THIS REVIEW CONTAINS SPOILERS
Braniac’s one-shot for villains month is another one of the many origin stories that comic readers will be seeing this September. While it may be one of many, the issue does a good job of characterizing the villain, and it reaches at greatness, meaning the issue is certainly worth it to fans of the villain, as well as to fans of Superman.
Artist Pascale Alixe does a wonderful job with the artwork this issue. The linework is solid, and really does a great job of setting the tone while also harkening back to Rags Morales’ artwork from the early Action Comics in the New 52.
The issue does a good job of rationalizing Braniac’s plight to “save” worlds from the multitude while also covering the fact that he lacks moral fiber, and has learned to enjoy his bottling of cities and destruction of worlds. It also shows his desire to stop the multitude, which functions as Braniac’s purpose in the New 52, and it serves to at least make his progression from beyond brilliant scientist to planet-destroyer make a little bit of sense.
The choice to have one of Braniac’s indoctrinated drones tell the story creates an unreliable narrator and leaves the reader to discern what parts of the story are true and which are pure or partial fabrication. This time-honored storytelling technique adds a bit of mystery and uncertainty to Brainiac’s origin. The possible mistruths in Brainiac’s story also help the reader understand that Brainiac really does want to come across as benevolent, and he may even be so lost as to think he is.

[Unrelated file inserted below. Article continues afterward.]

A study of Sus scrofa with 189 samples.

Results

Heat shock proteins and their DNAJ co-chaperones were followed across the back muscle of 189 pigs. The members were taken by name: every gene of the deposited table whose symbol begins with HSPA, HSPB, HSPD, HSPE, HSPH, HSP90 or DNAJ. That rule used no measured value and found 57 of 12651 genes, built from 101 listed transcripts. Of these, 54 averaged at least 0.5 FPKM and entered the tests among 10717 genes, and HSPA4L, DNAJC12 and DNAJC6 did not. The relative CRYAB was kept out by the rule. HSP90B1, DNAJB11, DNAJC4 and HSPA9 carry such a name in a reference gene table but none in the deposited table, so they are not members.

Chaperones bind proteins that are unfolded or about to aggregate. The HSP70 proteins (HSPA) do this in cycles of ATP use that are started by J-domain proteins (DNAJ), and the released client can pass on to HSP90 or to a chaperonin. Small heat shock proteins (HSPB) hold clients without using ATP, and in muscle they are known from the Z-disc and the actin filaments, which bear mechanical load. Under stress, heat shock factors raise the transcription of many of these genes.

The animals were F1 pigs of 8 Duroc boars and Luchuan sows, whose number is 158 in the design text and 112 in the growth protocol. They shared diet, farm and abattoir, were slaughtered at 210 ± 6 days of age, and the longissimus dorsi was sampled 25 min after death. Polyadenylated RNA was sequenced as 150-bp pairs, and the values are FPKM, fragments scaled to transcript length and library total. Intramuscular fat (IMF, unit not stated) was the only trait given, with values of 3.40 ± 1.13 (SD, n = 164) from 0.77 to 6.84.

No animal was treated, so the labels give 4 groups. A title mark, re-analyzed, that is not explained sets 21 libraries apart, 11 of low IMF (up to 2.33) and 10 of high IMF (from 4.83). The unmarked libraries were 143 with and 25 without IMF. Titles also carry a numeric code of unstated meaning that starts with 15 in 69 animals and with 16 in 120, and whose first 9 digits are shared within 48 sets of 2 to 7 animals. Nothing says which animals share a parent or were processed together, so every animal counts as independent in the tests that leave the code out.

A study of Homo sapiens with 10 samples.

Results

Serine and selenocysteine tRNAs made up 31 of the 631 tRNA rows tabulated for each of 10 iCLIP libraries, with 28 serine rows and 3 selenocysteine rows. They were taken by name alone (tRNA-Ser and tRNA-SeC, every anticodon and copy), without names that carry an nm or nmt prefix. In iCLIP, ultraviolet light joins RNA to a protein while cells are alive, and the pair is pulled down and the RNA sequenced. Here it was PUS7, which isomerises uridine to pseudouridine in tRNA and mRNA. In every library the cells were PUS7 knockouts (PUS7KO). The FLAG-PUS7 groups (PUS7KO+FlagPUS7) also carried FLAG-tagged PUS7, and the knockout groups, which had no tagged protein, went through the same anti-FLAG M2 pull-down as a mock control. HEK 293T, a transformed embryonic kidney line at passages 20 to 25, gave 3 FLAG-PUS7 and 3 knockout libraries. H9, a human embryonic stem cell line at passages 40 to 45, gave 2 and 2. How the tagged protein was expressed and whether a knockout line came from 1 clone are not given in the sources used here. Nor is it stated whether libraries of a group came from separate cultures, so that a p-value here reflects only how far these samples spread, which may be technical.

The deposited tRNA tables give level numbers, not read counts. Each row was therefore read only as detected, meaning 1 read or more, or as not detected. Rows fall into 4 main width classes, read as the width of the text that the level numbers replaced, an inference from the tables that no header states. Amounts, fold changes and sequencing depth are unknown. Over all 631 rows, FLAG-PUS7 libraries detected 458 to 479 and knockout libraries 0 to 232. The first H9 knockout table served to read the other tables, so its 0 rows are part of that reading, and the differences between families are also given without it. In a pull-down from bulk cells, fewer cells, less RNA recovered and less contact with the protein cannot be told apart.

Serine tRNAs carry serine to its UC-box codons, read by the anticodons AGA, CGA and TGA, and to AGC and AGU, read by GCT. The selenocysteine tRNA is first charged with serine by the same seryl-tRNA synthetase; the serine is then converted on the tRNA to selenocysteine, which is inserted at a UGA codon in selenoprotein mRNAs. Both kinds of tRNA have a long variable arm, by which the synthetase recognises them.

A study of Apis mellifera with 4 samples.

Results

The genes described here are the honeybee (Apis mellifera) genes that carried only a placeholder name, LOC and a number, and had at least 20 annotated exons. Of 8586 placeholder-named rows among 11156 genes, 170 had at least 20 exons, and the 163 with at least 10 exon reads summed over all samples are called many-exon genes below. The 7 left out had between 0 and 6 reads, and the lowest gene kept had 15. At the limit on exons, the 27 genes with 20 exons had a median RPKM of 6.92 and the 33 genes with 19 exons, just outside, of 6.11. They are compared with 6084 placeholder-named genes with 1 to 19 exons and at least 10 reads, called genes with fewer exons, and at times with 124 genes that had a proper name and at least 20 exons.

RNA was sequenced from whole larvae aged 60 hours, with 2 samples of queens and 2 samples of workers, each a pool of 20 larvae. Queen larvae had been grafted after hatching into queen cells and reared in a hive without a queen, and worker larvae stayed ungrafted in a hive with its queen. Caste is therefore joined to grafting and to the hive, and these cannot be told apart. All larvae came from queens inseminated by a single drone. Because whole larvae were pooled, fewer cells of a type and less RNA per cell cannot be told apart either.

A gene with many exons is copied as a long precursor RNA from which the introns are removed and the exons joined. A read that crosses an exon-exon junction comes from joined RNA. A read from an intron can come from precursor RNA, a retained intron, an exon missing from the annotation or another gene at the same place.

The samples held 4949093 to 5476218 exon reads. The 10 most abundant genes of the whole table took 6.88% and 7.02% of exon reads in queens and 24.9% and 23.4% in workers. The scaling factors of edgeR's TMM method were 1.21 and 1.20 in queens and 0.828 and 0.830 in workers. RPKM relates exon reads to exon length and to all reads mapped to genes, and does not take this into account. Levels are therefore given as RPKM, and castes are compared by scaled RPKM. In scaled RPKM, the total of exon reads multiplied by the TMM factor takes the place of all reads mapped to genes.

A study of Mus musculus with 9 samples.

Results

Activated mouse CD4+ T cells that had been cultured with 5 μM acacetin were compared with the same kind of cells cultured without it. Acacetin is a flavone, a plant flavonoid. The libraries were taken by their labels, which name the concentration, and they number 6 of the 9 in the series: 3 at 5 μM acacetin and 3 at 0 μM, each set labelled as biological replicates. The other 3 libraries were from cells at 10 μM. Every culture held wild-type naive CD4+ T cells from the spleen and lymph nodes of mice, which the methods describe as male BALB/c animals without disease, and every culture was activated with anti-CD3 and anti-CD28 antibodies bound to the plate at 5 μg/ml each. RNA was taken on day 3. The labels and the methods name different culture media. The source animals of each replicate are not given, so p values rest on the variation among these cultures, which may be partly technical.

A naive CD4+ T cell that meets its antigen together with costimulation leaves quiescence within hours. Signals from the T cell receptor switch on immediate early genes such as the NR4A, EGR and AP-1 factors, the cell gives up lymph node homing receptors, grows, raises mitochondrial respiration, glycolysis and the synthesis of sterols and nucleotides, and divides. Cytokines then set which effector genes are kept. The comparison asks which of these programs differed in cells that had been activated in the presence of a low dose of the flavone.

Seeing Braniac’s origin as the alien Vril Dox, a scientist just trying to save his planet, is a great foil to Jor-El from the Superman comics. Whereas Jor-El was a genius while also empathetic, Vril Dox viewed suffering of others as a necessary means to an end; pain and suffering of others, even his son, was fine as long as knowledge was obtained. This dynamic is made even more apparent when, like Jor-El, his society’s leaders ignore Vril Dox’s apocalyptic predictions. This origin is the juxtaposition between Brainiac and Jor-El, and how they both handled similar situations and how they both have affected Superman.
It is aggravating that Braniac #1 doesn’t deal with the current situation on Earth at all. But, the issue succeeds as a one-shot, albeit insulated from the current comic storyline.
While the issue is just another origin story, this is an example of one way to make for interesting reading. Putting the narration of the story in the hands of the villain, and have a character, representative of the reader, question his story. This is a more creative way to show the difference between what a villain thinks and what is actually going on, rather than just spelling it out for readers. This storytelling style also allows for readers to empathize with the villain, even if that empathy only sprouts from the villain’s own embellishment.